A CONSERVATIVE minister will steal a march on Labour today, when he calls for a 'regional bank' in the North-East to end the lending drought.

Greg Clark, a Treasury minister, will tell a groundbreaking summit in Gateshead that the region has the potential to host such a bank, saying: "The market is there."

Speaking to The Northern Echo, ahead of the summit, the minister said: "I think the North-East is large enough to merit having a regional bank.
"This is something that could start in the North-East, as well as happening in other areas, such as Birmingham."


Business leaders would no longer have loan applications tossed aside by London-based banking chiefs, more interested in risky investments overseas, he vowed.

Meanwhile, Justin Welby, the Archbishop of Canterbury, has also called for lenders to be broken up into regional banks to end the "current mess",
The former Bishop of Durham, who sits on the Parliamentary Banking Commission, is believed to favour the break-up - rather than simple sell-off - of state-owned RBS.

In the interview, Mr Clark stressed that he was advocating the setting up of new banks that would "challenge" the giants.

The Government's role was to ensure regulations did not "get in the way" of local organisations, or entrepreneurs, trying to set up a new bank.

He said: "I want to send a clear signal that the Government wants to encourage this.

"The North-East's economic prospects are very positive, given its export performance, which is the best in the country. It is also the second in the country for inward investment.

"The German system has major advantages. It delivers local knowledge and familiarity, both industrial and the personal knowledge of businesses."
The summit has been organised by the left-leaning IPPR think-tank and Guy Opperman, the Conservative MP for Hexham.

Mr Opperman said: "Banking is too concentrated in a small number of players, and a small number of geographical locations.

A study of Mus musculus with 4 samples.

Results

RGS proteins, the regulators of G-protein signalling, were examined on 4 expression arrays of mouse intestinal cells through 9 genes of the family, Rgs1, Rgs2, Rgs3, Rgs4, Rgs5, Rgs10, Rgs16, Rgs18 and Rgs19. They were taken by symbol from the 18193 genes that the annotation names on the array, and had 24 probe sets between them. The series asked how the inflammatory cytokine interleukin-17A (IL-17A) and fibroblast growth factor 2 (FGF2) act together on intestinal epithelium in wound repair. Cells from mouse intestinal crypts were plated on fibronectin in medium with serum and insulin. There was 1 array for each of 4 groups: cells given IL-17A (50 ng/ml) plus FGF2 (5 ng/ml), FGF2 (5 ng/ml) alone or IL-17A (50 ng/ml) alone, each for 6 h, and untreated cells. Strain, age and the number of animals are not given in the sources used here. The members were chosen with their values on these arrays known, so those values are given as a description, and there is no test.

"This conference is all about our efforts to tackle this problem. There is a real opportunity for new entrants to build strong local and regional relationships."

Among the organisations attending the event, at the Baltic Centre, are the Financial Conduct Authority, CBI North East, the North East Local Enterprise Partnership (Lep) and Anthony Thomson, founder and former chairman of Metro Bank.

Jeremy Middleton, chair of the Lep's investment panel, is a strong advocate for a North-East based bank, which he believes could inject up to £1bn into the region's cash-strapped small firms.

He said: "Access to finance is the biggest factor holding back growth across this region.

"We want to encourage expansion of growing companies. A regional bank would understand the needs of the region and be able to react effectively, unblocking financial bottlenecks that frustrate business owners."

He pointed to the success of alternative lenders such as Handeslbanken and Metro Bank as proof that there was growing demand for an alternative to high street banks.

James Ramsbotham, NECC chief executive, said: “Given that the financial crisis was created by significant failures in the banking system, we should always be looking for new ways to provide sustainable business funding to successful businesses in the North-East.

“I very much look forward to hearing the case being made for a regional business bank at the Baltic event.”